Coronavirus: Too Much Worry or Not Enough?

Fostering Community

“This is the time for facts, not fear. This is the time for science, not rumours. This is the time for solidarity, not stigma.” These words from Tedros Adhanom Ghebreyesus, Director-General of the World Health Organization are helpful at a time when global concern over the coronavirus is mounting. The Public Health Agency of Canada reports that the risk to Canadians is low and Canada’s Chief Public Health Officer, Dr. Theresa Tam, is reminding the public to beware of misinformation being spread on social media. But fear is a real emotion and to dismiss it out of hand is not helpful.

Risk = Hazard + Outrage

Risk communications expert Dr. Peter Sandman developed the “Risk = Hazard + Outrage” formula as a way of helping governments and corporations manage public reaction to events. He points to the fact that risk is a subjective concept and communicating about it is tricky given the low correlation between danger and outrage. What does Sandman mean by low correlation? His research shows that the degree to which we should be worried about a high risk doesn’t always match the level of risk we feel. One needs only to look at the anti-vaxxer movement to see this play out. Something that poses a high risk (e.g., contracting measles) doesn’t evoke a high degree of concern in this group of people, whereas the thing that is measurably low risk (e.g., being vaccinated) causes outrage.

According to Sandman, risk communications has four purposes depending upon the public’s level of hazard and outrage:

How can we use Sandman’s work to help our school community talk about risk surrounding the coronavirus? It’s complicated because the experience of our community members is not homogenous. For many students, the calm they feel is reinforced by their geographic distance from the epicentre of the virus and the reassuring messages delivered by local Public Health. They may feel such a low level of concern, in fact, that they fail to follow recommended safety precautions such as frequent hand sanitizing. For other students, those with families in China, the hazard feels exceptionally high, and rightly so. Their families are at greater risk, and the daily messages these students are receiving from home beg them to be vigilant, to take no chances, to protect themselves at all costs. It would be insensitive and patronizing to respond to their worry and fear with a message of “calm down.”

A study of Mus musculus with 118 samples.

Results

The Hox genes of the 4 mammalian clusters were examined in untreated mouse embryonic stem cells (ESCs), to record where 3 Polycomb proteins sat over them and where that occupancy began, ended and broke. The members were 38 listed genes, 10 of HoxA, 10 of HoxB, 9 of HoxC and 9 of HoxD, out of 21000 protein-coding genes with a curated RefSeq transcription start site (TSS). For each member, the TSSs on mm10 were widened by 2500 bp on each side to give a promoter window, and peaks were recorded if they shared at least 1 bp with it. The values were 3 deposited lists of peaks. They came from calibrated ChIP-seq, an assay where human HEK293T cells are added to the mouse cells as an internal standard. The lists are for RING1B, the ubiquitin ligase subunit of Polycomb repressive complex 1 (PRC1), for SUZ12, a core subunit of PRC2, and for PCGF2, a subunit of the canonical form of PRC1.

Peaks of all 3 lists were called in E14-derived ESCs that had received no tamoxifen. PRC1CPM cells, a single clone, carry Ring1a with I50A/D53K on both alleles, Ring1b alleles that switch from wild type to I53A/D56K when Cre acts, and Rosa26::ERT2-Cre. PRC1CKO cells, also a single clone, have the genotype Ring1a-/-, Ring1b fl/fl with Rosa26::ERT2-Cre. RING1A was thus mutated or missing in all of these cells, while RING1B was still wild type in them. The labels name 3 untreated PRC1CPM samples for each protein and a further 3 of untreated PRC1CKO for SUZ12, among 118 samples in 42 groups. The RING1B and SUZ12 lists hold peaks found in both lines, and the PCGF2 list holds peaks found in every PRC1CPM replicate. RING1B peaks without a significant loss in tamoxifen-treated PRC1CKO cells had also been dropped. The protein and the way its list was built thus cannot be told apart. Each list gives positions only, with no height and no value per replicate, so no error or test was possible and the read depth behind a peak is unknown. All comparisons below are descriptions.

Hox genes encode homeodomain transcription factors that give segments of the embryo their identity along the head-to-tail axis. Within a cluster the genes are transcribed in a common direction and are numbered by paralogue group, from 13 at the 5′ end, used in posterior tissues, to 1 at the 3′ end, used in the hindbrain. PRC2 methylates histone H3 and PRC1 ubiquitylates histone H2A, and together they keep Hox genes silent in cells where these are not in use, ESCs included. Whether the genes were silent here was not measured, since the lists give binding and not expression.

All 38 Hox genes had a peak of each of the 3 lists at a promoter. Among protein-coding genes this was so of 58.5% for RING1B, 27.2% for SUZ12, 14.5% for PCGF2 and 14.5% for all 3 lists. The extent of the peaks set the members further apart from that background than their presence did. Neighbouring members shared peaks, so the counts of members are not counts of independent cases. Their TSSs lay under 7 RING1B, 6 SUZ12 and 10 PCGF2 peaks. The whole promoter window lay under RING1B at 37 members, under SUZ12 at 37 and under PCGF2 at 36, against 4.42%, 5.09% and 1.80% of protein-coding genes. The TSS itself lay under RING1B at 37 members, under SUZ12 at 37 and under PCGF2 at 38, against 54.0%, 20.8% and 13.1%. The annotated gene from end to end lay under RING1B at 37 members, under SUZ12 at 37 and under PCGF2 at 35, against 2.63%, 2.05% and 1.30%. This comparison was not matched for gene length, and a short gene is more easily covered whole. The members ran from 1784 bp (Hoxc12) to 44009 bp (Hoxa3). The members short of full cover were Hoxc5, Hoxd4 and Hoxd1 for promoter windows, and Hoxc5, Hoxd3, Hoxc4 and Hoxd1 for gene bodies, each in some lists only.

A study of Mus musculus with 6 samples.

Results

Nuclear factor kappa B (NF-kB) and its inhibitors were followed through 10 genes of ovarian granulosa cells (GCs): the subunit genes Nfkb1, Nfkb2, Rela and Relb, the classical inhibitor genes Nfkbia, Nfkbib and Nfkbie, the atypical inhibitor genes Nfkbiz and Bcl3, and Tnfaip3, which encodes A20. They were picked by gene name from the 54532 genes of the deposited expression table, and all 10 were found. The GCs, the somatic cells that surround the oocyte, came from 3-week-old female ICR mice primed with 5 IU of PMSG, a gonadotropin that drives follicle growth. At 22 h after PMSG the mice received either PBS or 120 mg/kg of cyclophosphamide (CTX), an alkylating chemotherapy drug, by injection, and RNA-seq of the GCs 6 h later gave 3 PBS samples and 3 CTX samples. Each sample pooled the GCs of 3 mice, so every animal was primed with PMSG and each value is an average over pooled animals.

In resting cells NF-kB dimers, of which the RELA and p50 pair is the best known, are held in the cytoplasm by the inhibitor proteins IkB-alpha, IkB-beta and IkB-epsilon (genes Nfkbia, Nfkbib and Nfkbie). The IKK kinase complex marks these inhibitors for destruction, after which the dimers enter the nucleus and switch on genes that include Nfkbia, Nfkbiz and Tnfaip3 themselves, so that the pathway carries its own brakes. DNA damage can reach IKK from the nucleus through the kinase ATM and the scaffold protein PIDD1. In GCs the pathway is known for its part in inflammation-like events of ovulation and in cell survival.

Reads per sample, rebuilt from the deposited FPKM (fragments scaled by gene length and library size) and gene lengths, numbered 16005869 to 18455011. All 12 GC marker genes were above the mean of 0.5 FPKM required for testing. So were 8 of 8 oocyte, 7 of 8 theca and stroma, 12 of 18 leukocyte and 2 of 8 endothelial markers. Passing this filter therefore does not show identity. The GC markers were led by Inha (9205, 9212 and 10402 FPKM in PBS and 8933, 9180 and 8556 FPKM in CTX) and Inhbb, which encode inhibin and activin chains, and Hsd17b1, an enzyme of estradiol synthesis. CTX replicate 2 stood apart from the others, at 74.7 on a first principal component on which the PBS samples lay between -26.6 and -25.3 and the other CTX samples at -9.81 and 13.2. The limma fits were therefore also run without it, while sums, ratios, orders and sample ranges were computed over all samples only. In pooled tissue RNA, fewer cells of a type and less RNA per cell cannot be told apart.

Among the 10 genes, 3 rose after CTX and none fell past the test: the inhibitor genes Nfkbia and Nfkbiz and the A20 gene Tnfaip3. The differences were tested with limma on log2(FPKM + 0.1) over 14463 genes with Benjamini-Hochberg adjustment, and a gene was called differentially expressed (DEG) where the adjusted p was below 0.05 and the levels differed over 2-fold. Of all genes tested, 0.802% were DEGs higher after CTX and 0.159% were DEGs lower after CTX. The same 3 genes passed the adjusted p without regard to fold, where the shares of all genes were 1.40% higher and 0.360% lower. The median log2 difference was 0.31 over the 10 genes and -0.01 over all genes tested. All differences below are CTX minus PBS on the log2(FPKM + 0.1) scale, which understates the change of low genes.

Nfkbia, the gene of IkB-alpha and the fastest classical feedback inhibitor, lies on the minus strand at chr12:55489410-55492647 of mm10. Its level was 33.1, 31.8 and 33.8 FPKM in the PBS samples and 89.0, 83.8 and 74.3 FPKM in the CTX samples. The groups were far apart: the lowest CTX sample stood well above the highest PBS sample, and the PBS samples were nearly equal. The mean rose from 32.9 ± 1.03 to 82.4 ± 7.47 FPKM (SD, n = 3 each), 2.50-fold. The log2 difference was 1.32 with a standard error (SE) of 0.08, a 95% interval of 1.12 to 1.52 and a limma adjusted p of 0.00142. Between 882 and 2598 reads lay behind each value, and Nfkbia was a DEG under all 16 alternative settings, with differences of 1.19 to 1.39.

Sandman notes that, “risks controlled by others arouse a lot more outrage than risks we control ourselves.” This is relevant to schools. Imagine a student who feels anxious about the spread of the virus watching another student ignore precautions like sneezing into your arm. Think of the emotions they might experience. “Don’t be irresponsible!” from one student is met with, “Don’t be such a worrywart!” from another, and tensions ensue. The challenge for schools is to meet the needs of both groups. Finding ways to help students who are anxious feel in control to the greatest degree possible, while correcting those who arguably show too little concern for our collective health is a good place to start. At the same time, school leaders need to model and encourage empathy and promote understanding of others’ experiences.

As a school, we follow the advice of Benjamin Disraeli who said, “I am prepared for the worst, but hope for the best.”  We want our community both here and abroad to take comfort in knowing that the safety and well-being of our girls, along with our faculty and staff, are foremost in our mind. We are prepared and will remain so. During the days and weeks ahead, we will communicate openly and often, while maintaining business as usual. Fortunately for us, business as usual means a good dose of daily laughter, a lot of school spirit and a bit of hard work thrown in for good measure.

We encourage any parent who has questions to be in touch directly with the School. We are here to help and no concern is too small.